Common Sea Fans (<em>Gorgonia ventilina</em>) are one of several species of sea fans found in southeast Florida. Sea fans are also classified as soft corals or gorgonians.

Common Sea Fans (Gorgonia ventilina) are one of several species of sea fans found in southeast Florida. Sea fans are also classified as soft corals or gorgonians.

Photo: Chantal Collier

Juvenile bluehead wrasses swim along the reef in Palm Beach.

Juvenile bluehead wrasses swim along the reef in Palm Beach.

Photo: Joe Marino


Trash Talk: A Recap of the 2014 Reef Cleanup Results

Karen Bohnsack, Reef Resilience Coordinator

A diver removes marine debris during the 2014 Reef Cleanup
A diver removes marine debris during the 2014 Reef Cleanup

Many people have seen trash along Florida’s coastlines and beaches, but once it disappears underwater this marine debris goes largely unnoticed. Fortunately, southeast Florida is home to many divers who are willing to help remove some of the trash that has made its way underwater and onto our coral reefs. This past summer, they did just that during the 4th Annual Southeast Florida Reef Cleanup hosted by the Department of Environmental Protection’s Coral Reef Conservation Program and the Southeast Florida Coral Reef Initiative in partnership with local dive businesses in Miami-Dade, Broward, and Palm Beach Counties. In Martin County, DEP also partnered with Peck’s Lake Reef Dive Cleanup, as part of the 6th Annual Treasure Coast Waterway Cleanup.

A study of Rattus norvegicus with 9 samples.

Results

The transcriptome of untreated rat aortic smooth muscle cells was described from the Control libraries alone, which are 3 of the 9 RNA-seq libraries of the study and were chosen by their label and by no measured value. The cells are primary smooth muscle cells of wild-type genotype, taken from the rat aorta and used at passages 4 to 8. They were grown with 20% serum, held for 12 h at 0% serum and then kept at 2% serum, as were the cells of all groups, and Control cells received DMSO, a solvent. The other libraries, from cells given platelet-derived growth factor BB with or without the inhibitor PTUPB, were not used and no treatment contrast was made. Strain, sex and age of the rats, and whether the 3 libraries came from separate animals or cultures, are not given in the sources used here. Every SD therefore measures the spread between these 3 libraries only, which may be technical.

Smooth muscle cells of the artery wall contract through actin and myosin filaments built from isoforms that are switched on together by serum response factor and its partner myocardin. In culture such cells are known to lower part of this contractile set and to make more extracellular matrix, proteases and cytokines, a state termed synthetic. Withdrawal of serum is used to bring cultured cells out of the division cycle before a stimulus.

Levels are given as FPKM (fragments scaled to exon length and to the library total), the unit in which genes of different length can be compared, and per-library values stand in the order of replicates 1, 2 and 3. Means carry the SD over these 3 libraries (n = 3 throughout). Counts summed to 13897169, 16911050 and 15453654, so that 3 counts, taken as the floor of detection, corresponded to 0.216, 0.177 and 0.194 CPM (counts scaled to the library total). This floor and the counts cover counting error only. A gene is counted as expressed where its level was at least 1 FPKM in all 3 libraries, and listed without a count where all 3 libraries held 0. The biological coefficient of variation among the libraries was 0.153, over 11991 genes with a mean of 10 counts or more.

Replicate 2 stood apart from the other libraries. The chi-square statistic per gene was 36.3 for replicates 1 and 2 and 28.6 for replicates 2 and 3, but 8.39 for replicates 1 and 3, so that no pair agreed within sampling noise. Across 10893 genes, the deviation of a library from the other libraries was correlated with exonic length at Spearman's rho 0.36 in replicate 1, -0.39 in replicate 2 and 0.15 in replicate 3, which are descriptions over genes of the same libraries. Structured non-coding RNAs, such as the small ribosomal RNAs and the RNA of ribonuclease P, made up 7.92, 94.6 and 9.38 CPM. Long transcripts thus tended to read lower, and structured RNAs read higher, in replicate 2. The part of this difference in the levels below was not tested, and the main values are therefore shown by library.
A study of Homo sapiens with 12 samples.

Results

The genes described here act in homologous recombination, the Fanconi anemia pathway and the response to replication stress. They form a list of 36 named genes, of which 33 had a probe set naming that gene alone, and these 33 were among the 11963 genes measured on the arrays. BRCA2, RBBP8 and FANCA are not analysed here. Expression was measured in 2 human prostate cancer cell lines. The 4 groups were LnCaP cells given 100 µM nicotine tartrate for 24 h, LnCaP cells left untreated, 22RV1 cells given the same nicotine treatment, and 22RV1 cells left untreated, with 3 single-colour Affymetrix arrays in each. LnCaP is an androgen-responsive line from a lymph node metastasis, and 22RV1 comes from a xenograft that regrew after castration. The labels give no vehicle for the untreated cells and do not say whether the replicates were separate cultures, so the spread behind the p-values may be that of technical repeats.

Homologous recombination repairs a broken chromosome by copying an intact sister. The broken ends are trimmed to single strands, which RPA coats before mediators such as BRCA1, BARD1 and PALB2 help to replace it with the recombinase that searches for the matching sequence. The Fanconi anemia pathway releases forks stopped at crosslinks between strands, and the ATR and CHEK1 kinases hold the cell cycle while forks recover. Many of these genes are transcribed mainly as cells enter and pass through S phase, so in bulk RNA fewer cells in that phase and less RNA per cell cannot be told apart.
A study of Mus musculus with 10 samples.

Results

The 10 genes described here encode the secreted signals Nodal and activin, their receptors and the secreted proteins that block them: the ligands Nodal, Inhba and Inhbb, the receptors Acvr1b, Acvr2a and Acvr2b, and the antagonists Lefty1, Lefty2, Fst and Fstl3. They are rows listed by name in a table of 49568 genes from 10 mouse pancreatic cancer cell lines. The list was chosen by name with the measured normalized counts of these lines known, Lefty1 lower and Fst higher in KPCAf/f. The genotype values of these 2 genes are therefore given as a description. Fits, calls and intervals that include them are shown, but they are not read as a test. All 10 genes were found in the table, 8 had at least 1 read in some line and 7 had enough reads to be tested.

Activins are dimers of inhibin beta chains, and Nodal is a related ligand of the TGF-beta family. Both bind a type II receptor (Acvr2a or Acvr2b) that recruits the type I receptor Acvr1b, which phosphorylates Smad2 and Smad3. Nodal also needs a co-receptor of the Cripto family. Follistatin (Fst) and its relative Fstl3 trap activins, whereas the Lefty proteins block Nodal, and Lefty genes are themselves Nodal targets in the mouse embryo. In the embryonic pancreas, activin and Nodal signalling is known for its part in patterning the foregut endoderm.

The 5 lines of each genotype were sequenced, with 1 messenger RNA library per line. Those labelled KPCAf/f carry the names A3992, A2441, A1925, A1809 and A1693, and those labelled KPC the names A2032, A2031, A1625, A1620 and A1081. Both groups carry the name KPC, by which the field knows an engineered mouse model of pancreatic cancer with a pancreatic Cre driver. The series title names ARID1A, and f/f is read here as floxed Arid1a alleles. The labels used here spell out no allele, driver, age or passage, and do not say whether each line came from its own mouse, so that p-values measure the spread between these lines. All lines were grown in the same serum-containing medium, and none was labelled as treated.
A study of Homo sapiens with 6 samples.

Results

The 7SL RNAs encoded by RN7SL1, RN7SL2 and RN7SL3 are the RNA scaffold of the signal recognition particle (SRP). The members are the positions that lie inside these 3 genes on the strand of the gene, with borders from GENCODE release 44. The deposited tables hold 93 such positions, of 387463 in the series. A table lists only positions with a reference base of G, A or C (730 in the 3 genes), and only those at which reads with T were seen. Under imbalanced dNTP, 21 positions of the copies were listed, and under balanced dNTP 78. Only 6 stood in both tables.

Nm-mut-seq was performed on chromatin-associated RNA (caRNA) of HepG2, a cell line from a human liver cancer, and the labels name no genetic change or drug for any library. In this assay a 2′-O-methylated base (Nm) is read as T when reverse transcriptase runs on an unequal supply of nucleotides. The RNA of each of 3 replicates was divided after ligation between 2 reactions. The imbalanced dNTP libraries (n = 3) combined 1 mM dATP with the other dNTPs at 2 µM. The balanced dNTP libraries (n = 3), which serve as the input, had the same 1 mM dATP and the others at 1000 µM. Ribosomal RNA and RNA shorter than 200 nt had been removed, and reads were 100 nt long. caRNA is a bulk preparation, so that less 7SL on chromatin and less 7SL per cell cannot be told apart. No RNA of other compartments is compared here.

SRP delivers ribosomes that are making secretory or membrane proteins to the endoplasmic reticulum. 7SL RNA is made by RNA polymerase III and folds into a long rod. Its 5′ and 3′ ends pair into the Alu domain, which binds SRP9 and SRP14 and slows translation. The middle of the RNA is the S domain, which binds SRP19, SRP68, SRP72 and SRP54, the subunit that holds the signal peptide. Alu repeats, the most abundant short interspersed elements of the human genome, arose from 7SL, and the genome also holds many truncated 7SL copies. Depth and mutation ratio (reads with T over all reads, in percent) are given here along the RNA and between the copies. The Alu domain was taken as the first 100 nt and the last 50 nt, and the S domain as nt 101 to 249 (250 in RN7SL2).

This year, 91 divers participated in the 4th Annual Southeast Florida Reef cleanup aboard one of 7 charter boats, and an additional 29 divers participated in a cleanup at Blue Heron Bridge which was included for the first time as part of this event. These divers spent an estimated 181 hours underwater, and collectively managed to haul in approximately 575 pounds of debris from the sea floor.

The composition of debris varied between sites, especially between the reef sites and Blue Heron Bridge. Among the types of debris found, monofilament line was the most prevalent on the reef, and general fishing debris formed the largest percentage of all debris found. Plastic beverage bottles and aluminum cans were found throughout the region, while cigarette filters, straws, and plastic food wrappers were only found at Blue Heron Bridge.

Beyond helping rid the ocean of harmful trash, divers had a great time getting out on the water and meeting new dive buddies. Some were even surprised with spectacular and valuable marine debris finds, including a GoPro camera, designer sunglasses, and cold hard cash – although in this case it was soggy and wet – but still good!

Many thanks to all of the participating divers as well as RJ Dive Center, South Florida Diving Headquarters, Force-E, American Dream Dive Charters, Jupiter Dive Center, Narcosis Dive Charters, Dolphin Sun Dive Charters, and Pura Vida Divers for joining in the 4th Annual Southeast Florida Reef Cleanup, and again to Pura Vida Divers for also hosting the event at Blue Heron Bridge.

Divers interested in joining the effort to rid our reefs of harmful debris can help year-round by picking up trash on every dive. Significant accumulations of marine debris or large debris items that cannot be removed safely can be reported at www.SEAFAN.net or 1-866-770-SEFL. Divers can also sign up with one of the dive boats participating in the 5th Annual Southeast Florida Reef Cleanup. Like us on Facebook (Florida’s Coral Program) or join our mailing list to be updated as dates and locations are selected.